Established by Trustee Emeritus John Landis, a member of Lafayette’s Class of 1939, the John and Muriel Landis Lecture series focuses on issues of technology and international cooperation. Friedman will speak on “The Lexus and The Olive Tree: Understanding Globalization,” the title of his most recent book, published in 1999 by Farrar Straus & Giroux and issued in paperback in May of this year by Bantam Doubleday Dell.

“In simplest terms,” says Kirkus Reviews, “Friedman defines globalization as the world integration of finance markets, nation states, and technologies within a free-market capitalism on a scale never before experienced.”

Driving it all is what he calls the Electronic Herd, the faceless buyers and sellers of stocks, bonds, and currencies, and multinational corporations investing wherever and whenever the best opportunity presents itself. It is a pitiless system richly rewarding winners, harshly punishing losers but contradictory as well. For nations and individuals willing to take the risk, globalization offers untold opportunity, yet in the process, as the Electronic Herd scavenges the world like locusts in the search for profit, globalization threatens to destroy both cultural heterogeneity and environmental diversity. The human drive for enrichment (the Lexus) confronts the human need for identity and community (the olive tree). The success of globalization, Friedman contends, depends on how well these goals can be satisfied at one and the same time.

The free lecture is open to the general public. No tickets are required. Previous Landis lecturers have included author Isaac Asimov; television journalist and former Texas state district judge Catherine Crier; B. Gentry Lee, space-systems engineer and science fiction novelist; and Alden Meyer, director of government relations of the Union of Concerned Scientists.

Friedman became foreign affairs columnist on the Times’ Op-Ed page in January 1995. Previously, he served as chief economic correspondent in the newspaper’s Washington bureau since January 1994. Before that, from November 1992 to December 1994, he was chief White House correspondent. He was chief diplomatic correspondent from January 1989 to November 1992.

For his coverage of the Middle East, Friedman was awarded the 1988 Pulitzer Prize for International Reporting (from Israel) and the 1993 Pulitzer Prize for International Reporting (from Lebanon).

He has also received the 1987 New Israel Fund Award for Outstanding Reporting From Israel; the 1985 Marine Corps Historical Foundation Award for writing on the history of the Marines; the 1984 New York Newspaper Guild Page One Award; the 1982 George Polk Award; the 1982 Livingston Award for Young Journalists and the 1980 Overseas Press Club Award.

Friedman was born in Minneapolis on July 20, 1953. He graduated from Brandeis University summa cum laude in 1975 with a degree in Mediterranean studies, having studied abroad at the Hebrew University of Jerusalem and the American University in Cairo. He then attended St. Antony’s College of Oxford University on a Marshall Scholarship. After receiving a master’s degree in modern Middle East studies from Oxford in 1978, he joined the London Bureau of United Press International (UPI). Friedman spent a year in London doing general assignment reporting before being dispatched to Beirut as a UPI correspondent.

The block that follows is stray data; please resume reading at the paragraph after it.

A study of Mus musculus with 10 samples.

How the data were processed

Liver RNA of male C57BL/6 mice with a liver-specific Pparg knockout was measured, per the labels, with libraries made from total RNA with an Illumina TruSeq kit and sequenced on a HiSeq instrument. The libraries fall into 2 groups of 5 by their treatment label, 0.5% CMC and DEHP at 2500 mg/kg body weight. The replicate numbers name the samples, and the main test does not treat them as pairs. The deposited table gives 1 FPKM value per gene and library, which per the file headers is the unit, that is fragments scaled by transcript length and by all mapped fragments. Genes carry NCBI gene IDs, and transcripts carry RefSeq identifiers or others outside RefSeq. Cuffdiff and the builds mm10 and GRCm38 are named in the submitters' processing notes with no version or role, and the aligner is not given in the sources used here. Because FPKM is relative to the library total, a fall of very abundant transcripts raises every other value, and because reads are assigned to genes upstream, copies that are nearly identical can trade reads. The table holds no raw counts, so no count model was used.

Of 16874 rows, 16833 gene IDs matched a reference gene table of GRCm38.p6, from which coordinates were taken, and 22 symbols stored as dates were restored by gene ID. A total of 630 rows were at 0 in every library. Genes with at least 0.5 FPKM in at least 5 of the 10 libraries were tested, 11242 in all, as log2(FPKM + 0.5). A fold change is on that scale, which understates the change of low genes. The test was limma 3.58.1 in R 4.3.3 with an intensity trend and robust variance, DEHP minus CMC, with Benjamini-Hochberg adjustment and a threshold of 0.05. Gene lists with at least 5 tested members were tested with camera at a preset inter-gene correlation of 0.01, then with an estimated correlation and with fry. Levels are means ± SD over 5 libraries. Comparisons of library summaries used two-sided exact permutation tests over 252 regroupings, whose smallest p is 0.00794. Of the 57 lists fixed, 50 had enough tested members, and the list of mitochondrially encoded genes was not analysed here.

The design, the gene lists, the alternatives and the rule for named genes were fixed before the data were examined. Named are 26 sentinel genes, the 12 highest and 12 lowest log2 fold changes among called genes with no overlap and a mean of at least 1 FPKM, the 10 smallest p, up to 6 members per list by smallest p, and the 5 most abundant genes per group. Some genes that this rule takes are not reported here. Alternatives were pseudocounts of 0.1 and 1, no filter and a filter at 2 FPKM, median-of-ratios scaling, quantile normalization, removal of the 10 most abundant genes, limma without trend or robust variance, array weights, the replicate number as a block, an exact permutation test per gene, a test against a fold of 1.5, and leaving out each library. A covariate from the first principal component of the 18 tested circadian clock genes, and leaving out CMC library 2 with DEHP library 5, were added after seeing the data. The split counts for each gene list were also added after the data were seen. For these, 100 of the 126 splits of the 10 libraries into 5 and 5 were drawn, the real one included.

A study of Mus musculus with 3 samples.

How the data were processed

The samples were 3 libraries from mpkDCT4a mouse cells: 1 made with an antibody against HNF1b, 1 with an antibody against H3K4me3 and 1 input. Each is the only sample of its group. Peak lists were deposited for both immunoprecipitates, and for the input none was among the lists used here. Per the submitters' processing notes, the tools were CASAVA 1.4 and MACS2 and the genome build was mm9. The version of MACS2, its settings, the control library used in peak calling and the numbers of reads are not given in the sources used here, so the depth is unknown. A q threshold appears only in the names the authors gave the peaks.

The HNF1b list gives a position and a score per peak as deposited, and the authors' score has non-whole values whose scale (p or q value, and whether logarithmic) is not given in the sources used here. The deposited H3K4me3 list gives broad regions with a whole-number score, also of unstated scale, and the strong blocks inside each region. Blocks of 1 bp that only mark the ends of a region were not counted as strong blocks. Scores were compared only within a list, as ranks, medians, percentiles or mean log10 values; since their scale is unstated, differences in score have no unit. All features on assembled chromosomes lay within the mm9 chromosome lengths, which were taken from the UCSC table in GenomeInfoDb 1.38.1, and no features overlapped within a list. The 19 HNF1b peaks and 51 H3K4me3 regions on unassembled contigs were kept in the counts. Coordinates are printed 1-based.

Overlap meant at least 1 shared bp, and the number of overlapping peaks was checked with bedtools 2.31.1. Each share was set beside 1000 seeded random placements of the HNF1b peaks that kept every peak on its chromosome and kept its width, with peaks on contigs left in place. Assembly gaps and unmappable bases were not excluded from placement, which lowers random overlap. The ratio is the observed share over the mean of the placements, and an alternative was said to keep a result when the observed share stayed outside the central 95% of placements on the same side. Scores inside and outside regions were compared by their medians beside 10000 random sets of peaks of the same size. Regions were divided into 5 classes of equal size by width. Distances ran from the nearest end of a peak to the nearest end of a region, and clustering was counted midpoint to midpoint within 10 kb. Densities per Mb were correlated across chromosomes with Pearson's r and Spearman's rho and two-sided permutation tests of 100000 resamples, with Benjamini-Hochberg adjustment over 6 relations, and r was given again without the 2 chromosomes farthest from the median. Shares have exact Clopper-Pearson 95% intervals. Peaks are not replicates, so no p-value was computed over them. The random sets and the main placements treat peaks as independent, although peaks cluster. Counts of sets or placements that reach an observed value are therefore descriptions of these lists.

Friedman lived in Beirut from June 1979 to May 1981, when he was hired by The New York Times and brought back to New York. From May 1981 to April 1982, he worked as a general assignment financial reporter, specializing in OPEC and oil-related news. In April 1982 he became The New York Times Beirut Bureau Chief, a post he assumed six weeks before the Israeli invasion.

In June 1984, Friedman was transferred from Beirut to Jerusalem, where he served as Israel Bureau Chief until February 1988, when he was awarded a Guggenheim Foundation Fellowship to write a book about his reflections on the Middle East. In June 1989, he published From Beirut to Jerusalem, which was on The New York Times best-seller list for nearly 12 months, and won the 1989 National Book Award for non-fiction and the 1989 Overseas Press Club Award for the Best Book on Foreign Policy. The book has been published in ten different languages, including Japanese and Chinese, and is now used as a basic textbook on the Middle East in many high schools and universities.

In January 1989, Friedman took up a new assignment in Washington as chief diplomatic correspondent for the Times. For the next four years he traveled some 500,000 miles, covering Secretary of State James A. Baker III and the end of the Cold War.

In November 1992, Friedman shifted to domestic politics and was appointed chief White House correspondent. He covered the transition and first year of the Clinton Administration. In January 1994, he shifted again, this time to economics, and became the Times’ international economic correspondent, covering the intersection of foreign policy and trade policy.

Friedman lives in Bethesda, Md., with his wife, Ann, and his two daughters. He is a member of the Board of Trustees of Brandeis University and a member of the advisory board of the Marshall Scholarship Commission. He has been awarded honorary degrees from Brandeis University, Macalester College, Haverford College, and Hebrew Union College. He is a recipient of the New Israel Fund Award for Outstanding Reporting from Israel.